Reliability of questionnaire is a way of assessing the quality of the measurement procedure used to collect data. In order to consider a result valid, the measurement procedure must first be reliable. Choose a measure while examining the construct of a study. Construct is the hypothetical variable that is being measured and questionnaires are one of the mediums.
These questionnaires are part of the measurement procedure. As a result, this measurement procedure should provide an accurate representation of the construct, to be considered stable or constant.
For example, if we want to measure the intelligence, we need to have a measurement procedure that accurately measures a person’s intelligence.
Concept of reliability
Since there are many ways of thinking about intelligence (e.g., IQ, emotional intelligence, etc.). This can make it difficult to come up with a measurement procedure if we are not sure if the construct is stable or constant (Isaac & Michael 1970).
Reliability of a construct or variable refers to its constancy or stability. The assumption, that the variable that is to be measured is stable or constant, is central to the concept behind the reliability of questionnaire. A measurement procedure that is stable or constant should produce the same (or nearly the same) results when same individuals and conditions are used. There are threats to reliability of a measurement or construct. They fall under systematic or unsystematic categories as shown below.
Calculating reliability of questionnaire using Cronbach Alpha
Cronbach’s alpha determines the internal consistency or average correlation of items in a survey instrument to gauge reliability of the questionnaire. Thus, Cronbach’s alpha is an index of reliability associated with the variation accounted for by the true score of the “underlying construct” (Santos 1999). Alpha coefficient ranges in value from 0 to 1. It can be used to describe the reliability of factors extracted from dichotomous. Questions with two possible answers and/or multi-point formatted questionnaires or scales i.e. rating scale: 1 = poor, 5 = excellent; is called dichotomous. Therefore, the higher the score, the more reliable the generated scale is (Tavakol & Dennick 2011). Statistical formula to calculate reliability is:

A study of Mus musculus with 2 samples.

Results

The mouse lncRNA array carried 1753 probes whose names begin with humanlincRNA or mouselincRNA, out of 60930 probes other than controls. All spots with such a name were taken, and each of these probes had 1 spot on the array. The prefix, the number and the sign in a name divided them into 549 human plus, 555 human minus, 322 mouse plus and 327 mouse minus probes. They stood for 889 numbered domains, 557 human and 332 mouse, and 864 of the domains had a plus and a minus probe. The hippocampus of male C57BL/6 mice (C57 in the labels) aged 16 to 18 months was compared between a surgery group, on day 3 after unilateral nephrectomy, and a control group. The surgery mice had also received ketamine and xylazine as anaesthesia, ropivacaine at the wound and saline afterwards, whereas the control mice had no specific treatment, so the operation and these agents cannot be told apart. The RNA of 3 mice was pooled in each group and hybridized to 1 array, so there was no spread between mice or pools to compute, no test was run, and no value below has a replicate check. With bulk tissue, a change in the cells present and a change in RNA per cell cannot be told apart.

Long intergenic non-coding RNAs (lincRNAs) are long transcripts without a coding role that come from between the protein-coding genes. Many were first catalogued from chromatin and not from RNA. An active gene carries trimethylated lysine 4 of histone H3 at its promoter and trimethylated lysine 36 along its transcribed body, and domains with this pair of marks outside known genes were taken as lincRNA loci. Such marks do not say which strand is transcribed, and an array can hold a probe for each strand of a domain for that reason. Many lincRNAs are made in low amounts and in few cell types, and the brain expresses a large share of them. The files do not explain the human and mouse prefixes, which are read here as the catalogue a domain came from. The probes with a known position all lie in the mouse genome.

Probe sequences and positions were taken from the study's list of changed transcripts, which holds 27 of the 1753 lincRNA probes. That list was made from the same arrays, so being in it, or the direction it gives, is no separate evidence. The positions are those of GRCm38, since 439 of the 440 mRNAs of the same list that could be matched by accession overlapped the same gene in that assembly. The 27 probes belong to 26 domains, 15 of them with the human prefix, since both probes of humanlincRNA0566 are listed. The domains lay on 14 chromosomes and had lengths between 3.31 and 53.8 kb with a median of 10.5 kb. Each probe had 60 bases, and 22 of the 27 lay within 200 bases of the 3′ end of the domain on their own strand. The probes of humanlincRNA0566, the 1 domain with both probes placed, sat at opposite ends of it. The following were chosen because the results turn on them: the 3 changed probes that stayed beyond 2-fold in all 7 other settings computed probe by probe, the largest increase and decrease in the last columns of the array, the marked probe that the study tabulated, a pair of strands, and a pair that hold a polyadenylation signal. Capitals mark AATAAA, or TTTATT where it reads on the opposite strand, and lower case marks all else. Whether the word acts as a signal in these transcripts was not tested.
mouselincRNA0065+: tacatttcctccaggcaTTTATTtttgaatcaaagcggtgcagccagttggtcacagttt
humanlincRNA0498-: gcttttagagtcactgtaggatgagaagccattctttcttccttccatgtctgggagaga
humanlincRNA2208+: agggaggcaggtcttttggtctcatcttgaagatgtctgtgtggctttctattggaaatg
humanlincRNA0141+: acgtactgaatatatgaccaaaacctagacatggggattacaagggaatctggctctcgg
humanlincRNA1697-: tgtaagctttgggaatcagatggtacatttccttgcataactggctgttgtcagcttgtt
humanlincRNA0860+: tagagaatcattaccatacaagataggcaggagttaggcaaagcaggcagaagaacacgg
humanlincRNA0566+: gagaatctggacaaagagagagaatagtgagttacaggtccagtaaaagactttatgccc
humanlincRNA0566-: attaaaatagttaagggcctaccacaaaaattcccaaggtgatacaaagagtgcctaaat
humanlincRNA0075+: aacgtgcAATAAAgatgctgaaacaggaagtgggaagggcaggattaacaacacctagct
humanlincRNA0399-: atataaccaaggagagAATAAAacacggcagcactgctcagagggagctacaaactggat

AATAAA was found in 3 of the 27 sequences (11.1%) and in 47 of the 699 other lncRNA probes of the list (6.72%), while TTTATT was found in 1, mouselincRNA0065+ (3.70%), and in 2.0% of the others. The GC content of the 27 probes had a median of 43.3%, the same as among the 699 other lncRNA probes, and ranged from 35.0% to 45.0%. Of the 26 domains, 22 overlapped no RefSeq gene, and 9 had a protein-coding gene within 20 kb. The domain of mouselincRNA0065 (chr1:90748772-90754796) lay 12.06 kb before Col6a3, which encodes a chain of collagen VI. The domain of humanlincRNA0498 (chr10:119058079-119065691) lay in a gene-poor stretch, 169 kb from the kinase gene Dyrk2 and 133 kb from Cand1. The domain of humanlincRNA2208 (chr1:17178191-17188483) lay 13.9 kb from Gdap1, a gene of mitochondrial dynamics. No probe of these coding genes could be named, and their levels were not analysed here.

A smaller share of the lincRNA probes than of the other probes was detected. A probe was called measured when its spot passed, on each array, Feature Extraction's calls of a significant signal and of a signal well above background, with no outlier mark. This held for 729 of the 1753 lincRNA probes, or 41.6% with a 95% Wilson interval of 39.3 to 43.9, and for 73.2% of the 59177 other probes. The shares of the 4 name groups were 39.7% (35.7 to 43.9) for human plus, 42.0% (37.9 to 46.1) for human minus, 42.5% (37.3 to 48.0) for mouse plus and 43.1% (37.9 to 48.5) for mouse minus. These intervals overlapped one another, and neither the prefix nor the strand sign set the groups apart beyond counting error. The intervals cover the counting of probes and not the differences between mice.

Total scale variance = sum of item variances and all item co-variances [k/(k-1)] * [1- (sum of item variances/total scale variance) Where k = number of items and ranges between 0 and 1
Criteria for assessment is: ≥ 0.70 = adequate reliability for group comparisons ≥ 0.90 = adequate reliability for individual monitoring
Alpha is an important concept in the evaluation of assessments and questionnaires. Hence, it is important that assessors and researchers estimate the quantity to add validity and accuracy to the interpretation of their data. Nevertheless, alpha is frequently reported in an uncritical way and without adequate understanding and interpretation.
This article provided a basic idea about the usage of Cronbach’s alpha to test statistically reliability of quantitative data. Furthermore, to understand the procedure of calculating Alpha using SPSS refer to Performing tests using Cronbach Alpha.
- Golafshani, N., 2003. Understanding Validity in Qualitative Research. The Qualitative Report, 8(4), pp.597–607. Available at: http://www.nova.edu/ssss/QR/QR8-4/golafshani.pdf [Accessed December 14, 2015].
- Isaac, S. & Michael, W.B., 1970. Handbook in Research and Evaluation. Available at: http://eric.ed.gov/?id=ED051311 [Accessed May 7, 2016].
- Santos, J.R.A., 1999. Cronbach’s Alpha: A Tool for Assessing the Reliability of Scales. Journal of Extension, 37(2). Available at: http://www.joe.org/joe/1999april/tt3.php [Accessed September 30, 2015].
- Spitzer, R.L., 1978. Research Diagnostic Criteria. Archives of General Psychiatry, 35(6), p.773. Available at: http://archpsyc.jamanetwork.com/article.aspx?articleid=491943 [Accessed May 7, 2016].
- Tavakol, M. & Dennick, R., 2011. Making sense of Cronbach’s alpha. International Journal of Medical Education, 2, pp.53–55. Available at: http://www.ncbi.nlm.nih.gov/pmc/articles/PMC4205511/ [Accessed July 10, 2014].